Sheffield FC Ladies have withdrawn from the newly named FA Women’s Championship citing ‘money’ as the main reason behind their decision.

The FA’s drive towards the professionalisation of women’s football has resulted in heavy collateral damage and a number of teams have been hurt by the process.

Many fans are angry at the FA for creating an unnecessary mess. A Facebook group containing rebellious fans has now reached 700+ members.

Notts County, Sunderland, Oxford, Watford, and now Sheffield, have fallen on the sword of the god named money that now rules women football. We should also not forget that Millwall were close to folding before crowdfunding rescued them last season.

The FA move the goalposts so often, driving towards exponentially increasing budgets, while the teams’ revenue streams do not really grow.

In short, it is a recipe for disaster.

If you don’t have a rich private backer or a men’s team with large pockets, you have no chance of competing in the FA WSL, or even the FA Women’s Championship.

You certainly have to wonder if the FA’s aim is to have a Women League that mirrors the men’s Premier League, leaving smaller teams to fight in Tier 2 and 3.

It is quite obvious that the FA WSL is heading in that direction, and quickly.

It is also important to note that the knock-on effect of forcing FA WSL teams to have a professional team with a high minimum budget has delivered the arms race to Tier 2 as well.

The FA Women’s Championship hosts the super rich, and newly formed, Manchester United Women who will blow everyone out of the water with their recruitment.

They will have a squad that is good enough to be in the top half of the FA WSL.

So, Championship teams will have to spend more and more in a semi-professional league to simply catch up with United who are only just getting started.

That’s why Sheffield FC have thrown in the towel as they know that that kind of spending is not sustainable for them, like many others.

If we recap the casualties in the last two years:

Notts County Ladies

The new owner pulled the plug prior to the Spring Series back in 2016 saying he could not afford the £500k budget while only bringing in £28k in revenue. If you know the La Fontaine fables, the frog and the ox comes to mind. Their previous owner thought he could compete with the big teams and the new owner decided to cut funds just a couple of days before the Spring Series was about to begin.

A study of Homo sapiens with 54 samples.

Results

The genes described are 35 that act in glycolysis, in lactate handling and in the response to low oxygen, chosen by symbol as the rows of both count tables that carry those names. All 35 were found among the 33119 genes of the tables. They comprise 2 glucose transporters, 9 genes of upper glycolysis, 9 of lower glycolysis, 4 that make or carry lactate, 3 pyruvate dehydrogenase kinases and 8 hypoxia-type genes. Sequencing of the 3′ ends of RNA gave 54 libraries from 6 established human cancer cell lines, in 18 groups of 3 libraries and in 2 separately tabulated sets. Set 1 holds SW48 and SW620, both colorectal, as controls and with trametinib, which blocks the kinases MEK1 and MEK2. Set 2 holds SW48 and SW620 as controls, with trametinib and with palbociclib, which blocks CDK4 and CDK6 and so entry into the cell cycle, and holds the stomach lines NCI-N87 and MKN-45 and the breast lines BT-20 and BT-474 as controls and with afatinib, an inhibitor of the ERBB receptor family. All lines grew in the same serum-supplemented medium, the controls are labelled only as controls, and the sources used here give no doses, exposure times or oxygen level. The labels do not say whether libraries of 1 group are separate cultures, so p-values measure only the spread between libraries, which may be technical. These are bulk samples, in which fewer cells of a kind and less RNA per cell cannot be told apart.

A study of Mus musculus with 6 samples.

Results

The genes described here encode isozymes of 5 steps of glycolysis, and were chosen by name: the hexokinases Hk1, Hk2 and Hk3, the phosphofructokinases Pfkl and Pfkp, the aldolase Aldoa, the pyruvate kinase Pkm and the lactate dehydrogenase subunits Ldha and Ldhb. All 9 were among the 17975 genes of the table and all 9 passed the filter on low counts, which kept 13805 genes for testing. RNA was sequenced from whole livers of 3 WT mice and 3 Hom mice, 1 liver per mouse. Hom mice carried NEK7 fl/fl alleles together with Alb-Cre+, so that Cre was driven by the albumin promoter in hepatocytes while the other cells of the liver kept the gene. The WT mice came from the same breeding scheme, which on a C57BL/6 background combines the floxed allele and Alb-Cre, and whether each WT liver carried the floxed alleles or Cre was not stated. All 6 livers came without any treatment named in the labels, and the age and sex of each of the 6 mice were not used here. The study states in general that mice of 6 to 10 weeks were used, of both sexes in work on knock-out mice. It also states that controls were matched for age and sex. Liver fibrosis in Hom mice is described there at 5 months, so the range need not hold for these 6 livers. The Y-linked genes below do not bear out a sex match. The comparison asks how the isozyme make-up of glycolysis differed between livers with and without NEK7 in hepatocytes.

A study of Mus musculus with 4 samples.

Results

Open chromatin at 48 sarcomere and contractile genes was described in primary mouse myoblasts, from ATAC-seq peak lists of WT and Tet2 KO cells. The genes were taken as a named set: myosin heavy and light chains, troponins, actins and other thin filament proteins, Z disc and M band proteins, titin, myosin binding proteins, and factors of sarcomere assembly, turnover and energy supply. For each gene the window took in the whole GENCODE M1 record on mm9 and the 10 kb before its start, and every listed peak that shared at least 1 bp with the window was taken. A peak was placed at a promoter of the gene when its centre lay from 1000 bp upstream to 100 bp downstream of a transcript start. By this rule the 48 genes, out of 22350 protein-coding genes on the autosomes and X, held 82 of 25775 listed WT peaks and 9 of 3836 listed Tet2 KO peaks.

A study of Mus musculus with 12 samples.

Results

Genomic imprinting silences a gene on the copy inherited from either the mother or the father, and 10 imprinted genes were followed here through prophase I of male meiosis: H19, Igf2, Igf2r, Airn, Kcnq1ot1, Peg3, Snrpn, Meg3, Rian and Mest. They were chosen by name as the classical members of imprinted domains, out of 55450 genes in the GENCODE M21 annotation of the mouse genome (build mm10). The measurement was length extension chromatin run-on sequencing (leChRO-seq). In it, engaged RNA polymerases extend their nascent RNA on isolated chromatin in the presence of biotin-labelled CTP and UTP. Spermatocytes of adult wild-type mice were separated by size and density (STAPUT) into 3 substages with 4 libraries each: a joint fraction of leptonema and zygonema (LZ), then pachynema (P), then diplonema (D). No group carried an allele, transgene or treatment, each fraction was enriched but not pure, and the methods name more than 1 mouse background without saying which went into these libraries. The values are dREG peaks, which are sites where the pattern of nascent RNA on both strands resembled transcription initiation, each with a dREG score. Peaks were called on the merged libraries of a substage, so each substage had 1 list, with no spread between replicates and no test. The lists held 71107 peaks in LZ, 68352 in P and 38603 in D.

Demoted two divisions to the Women’s National League. They did not submit a bid in the first phase of licensing last year. They then put in a bid for the second tier that was not accepted. They have appealed, but no one knows what the result will be and with the demotion of Sheffield FC you never know what will happen.

Oxford and Watford

Both demoted one division to the new Women’s National League through the same process. They did not apply in the first phase, but applied in the second phase of bidding but were not successful.


Withdrew from the FA Women’s Championship because  “The financial commitments necessary to compete at this level are proving now too onerous.”

They could be demoted by two divisions to the fourth tier of the pyramid.

It is such a shame that a team that won promotion on the pitch, and finished twice in fifth place, has been priced out by the latest FA reform.

It will be interesting to see the FA’s decision regarding a potential replacement as apparently Sunderland, Blackburn and maybe Crystal Palace have appealed their bid rejection.

Will the FA select one of those teams to replace Sheffield FC Ladies?

At the moment, the FA WSL has 11 teams and the FA Women’s Championship also has eleven teams. It would make more sense to have both divisions with twelve, if they can find teams rich enough to spend the rumored £400k required for FA WSL sides.

We know that the FA was originally targeting the FIFA WWC 2023 as a winnable tournament. The fact that the Lionesses moved up to second place in the FIFA rankings means the 2019 World Cup next year is now a target and a fully professional league should help England in that respect.

But the collateral damage for clubs left out is a really steep price to pay for all the players, coaching staff and fans of the teams suffering and the lack of proper acknowledgment from the FA about those problems is quite telling.